When COVID-19 closed the doors of New Roots Charter School, the first concern was the health and well-being of students who would be missing one another, their teachers, and access to essential services and supports.
 
“For the adolescents we serve, positive social engagement is a core aspect of their well-being,” said Dean of Students Jhakeem Haltom, MSW. “Their sudden social isolation combined with fear of illness, economic disruption, and disruption in their progress toward educational goals created immediate challenges to their well-being.” Haltom is leading the school’s effort to engage 100% of students and families and ensure learning continues. This includes making sure that students and families have access to supports like mental health services and food delivery, as well as solving problems around issues like Internet access and student resistance to online learning.
 
Within one week, New Roots teachers and staff had reached out to every student and family, and teachers held their first online “crew” meetings to launch an interdisciplinary project about the pandemic. “Crew meetings give students continuity in their relationships and their connection to school, and a safe space to talk about their experience,” said Danielle Angie, grade nine teacher and team leader. “Learning about COVID-19 and its impact on our community is giving them perspective and understanding of this historic moment. Developing artifacts to contribute to our local History Center’s archives has been a meaningful way for them to document and understand otherwise distressing experiences as part of this moment.”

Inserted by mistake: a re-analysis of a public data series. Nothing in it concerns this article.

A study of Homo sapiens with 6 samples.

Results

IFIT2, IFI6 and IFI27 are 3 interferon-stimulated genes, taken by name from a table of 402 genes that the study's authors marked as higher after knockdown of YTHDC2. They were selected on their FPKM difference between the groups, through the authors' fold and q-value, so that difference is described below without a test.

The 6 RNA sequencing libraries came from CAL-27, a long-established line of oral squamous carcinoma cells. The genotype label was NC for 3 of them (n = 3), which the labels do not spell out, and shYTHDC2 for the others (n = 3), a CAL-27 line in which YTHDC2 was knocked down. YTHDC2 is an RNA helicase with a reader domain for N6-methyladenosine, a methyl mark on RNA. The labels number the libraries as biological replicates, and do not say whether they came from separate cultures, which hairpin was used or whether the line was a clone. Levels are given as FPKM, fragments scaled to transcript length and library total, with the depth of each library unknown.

Tanya Kingsley teaches Personal Wellness, a required class for all grade nine and ten students and serves as a team leader. She emphasizes spending time outdoors, engaging in physical activity, sleeping well, and staying hydrated. Early on, she introduced her students to guided meditations from Calm. “These practices can create a sense of well-being that helps students avoid a downward spiral,” said Kingsley.
Teacher David Streib focuses on student well-being through engagement in meaningful learning experiences online. “A best practice that I am using is collective experiments using readily available materials in the home and entering and analyzing data in a Google Spreadsheet that’s available and editable by all,” Streib said. “This replicates the social, constructivist approach to learning that they experience in the classroom.”
 
The healthy “teen comfort food” served through the school’s farm to school meal program plays a key role in supporting the physical and mental well-being of students, making it possible for them to engage in learning. New Roots didn’t miss a day of serving a free lunch featuring locally-sourced produce and other foods to its students. The program started with a pick-up service and transitioned quickly to delivery. “Students receiving lunch delivery include those living in rural areas surrounding Ithaca,” said Allyn Rosenbaum, Operations Manager. “We’ve received feedback from families that healthy and familiar food has played an important role in their student’s well-being.”
 
Food supply chain disruptions during the pandemic created a heightened sense of fear and insecurity in many, which New Roots staff addressed positively with the establishment of an urban mini-farm. The mini-farm sits on a patch of land owned by an adjacent church. New Roots has pledged to contribute 50% of the produce grown to a local food pantry. “We’re teaching sustainability by empowering students and their families to adopt farming practices that feed their families,” said Mike Moritz, teacher and Green Team Leader. “This has always been important and now with supply shortages at stores, and people looking to avoid public spaces, the need for this knowledge and these practices has been illuminated.” Students on the Green Team met weekly to establish the farm, working in collaboration with students from the Students of Color Unity elective, keeping social distance and wearing masks. “Our urban farm spotlights the relationship between ecological sustainability and social justice,” Moritz said.